The States With the Strongest and Weakest Unions
The U.S. Supreme Court issued in March a split vote on a decision that, if passed, would have prevented public sector unions from requiring non-union government workers to pay union fees. This split represents a major victory for organized labor groups, which have been squeezed by changes in the labor force and anti-union legislation for decades. Just 45 years ago, nearly one in four workers were union members. Today, barely one in 10 are in a union.
The strength of organized labor in the United States depends largely on political and economic forces. Because these factors differ across the country, unions hold considerable power in some states and are virtually nonexistent in others. In New York, nearly 25% of state private and public sector workers are unionized, while in South Carolina, just 2.1% of workers are in unions.
There are many reasons for the differences in unionization between states. In an interview with 24/7 Wall St., David Macpherson, E.M. Stephens professor of economics and department chair at Trinity University, explained that politics is likely one of the biggest factors affecting the regional strength of organized labor. Over half of the states in the country now have right-to-work laws, with West Virginia’s statute passing this February. All of the states with the lowest shares of union membership have right to work laws, while Michigan is the only state with high membership which does.
“The reason unionization rates are low in right-to-work law states is because those are the states that don’t like unions and so they pass laws that are not favorable to unions.” Macpherson said.
Union membership is also at least partially determined by the industrial composition of a state. Macpherson explained that public sector jobs and manufacturing jobs tend to be more unionized, with transportation workers in particular very likely to be union members. Michigan’s substantial manufacturing sector, for example, is likely driving up unionization rates in the state.
The overall decline in union membership has been due to a massive decline in private sector organized labor. At the same time, public sector membership has actually increased. As a result, public sector workers account for nearly half of union membership nationwide, even as they only account for about 15% of the nation’s total workforce.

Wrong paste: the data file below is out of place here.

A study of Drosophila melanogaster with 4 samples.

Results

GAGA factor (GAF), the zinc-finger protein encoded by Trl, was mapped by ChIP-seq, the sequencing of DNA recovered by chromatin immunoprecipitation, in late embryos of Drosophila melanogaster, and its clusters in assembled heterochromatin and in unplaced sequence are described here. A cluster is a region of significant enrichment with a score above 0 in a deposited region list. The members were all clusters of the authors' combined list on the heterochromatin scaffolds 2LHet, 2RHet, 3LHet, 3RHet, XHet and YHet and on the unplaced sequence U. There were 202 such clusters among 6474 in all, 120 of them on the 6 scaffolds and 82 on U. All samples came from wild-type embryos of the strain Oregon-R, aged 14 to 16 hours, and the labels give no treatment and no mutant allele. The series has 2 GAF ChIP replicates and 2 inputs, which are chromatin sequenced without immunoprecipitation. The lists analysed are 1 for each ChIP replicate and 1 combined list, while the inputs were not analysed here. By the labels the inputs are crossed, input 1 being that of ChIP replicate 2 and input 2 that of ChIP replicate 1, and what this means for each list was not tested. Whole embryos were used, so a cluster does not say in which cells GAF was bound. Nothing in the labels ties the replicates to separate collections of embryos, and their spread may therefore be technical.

When asked about the long-term decline of unions, Macpherson explained there was no single reason, but that a number of likely factors have combined to reduce membership. “One of the reasons is the shifts in the labor force. It used to be about one in three workers were in the [typically heavily unionized] manufacturing sector. It’s not that way anymore.”
Unions came into being in this country to protect the rights and safety of workers, to negotiate with employers on behalf of employees, and to ensure fair pay and benefits. In time, they also supported political candidates that had their interests in mind. Macpherson explained that over the years, some of the roles unions have typically fulfilled have been replaced — often by the government, which has been enacting laws to protect workers. “For example, OSHA gives workers job safety protection that unions used to provide.” This change in roles has also contributed to the general decline of unions over the years. Today, labor laws and workplace restrictions provide many of the protections that unions were once able to fulfill.
Based on figures published by Unionstats.com, an online union membership and coverage database, 24/7 Wall St. identified the states with the highest and lowest union membership as a percentage of total employment. The database, which analyzes Bureau of Labor Statistics’ (BLS) Current Population Survey, provides labor force and union membership figures in both the public and private sectors, including manufacturing and construction. Additionally, 24/7 Wall St. reviewed annual average unemployment rates for each state from the BLS, as well as income and poverty data from the 2014 American Community Survey, produced by the U.S. Census Bureau. Rates of change were calculated over a 10-year period from 2005 through 2014.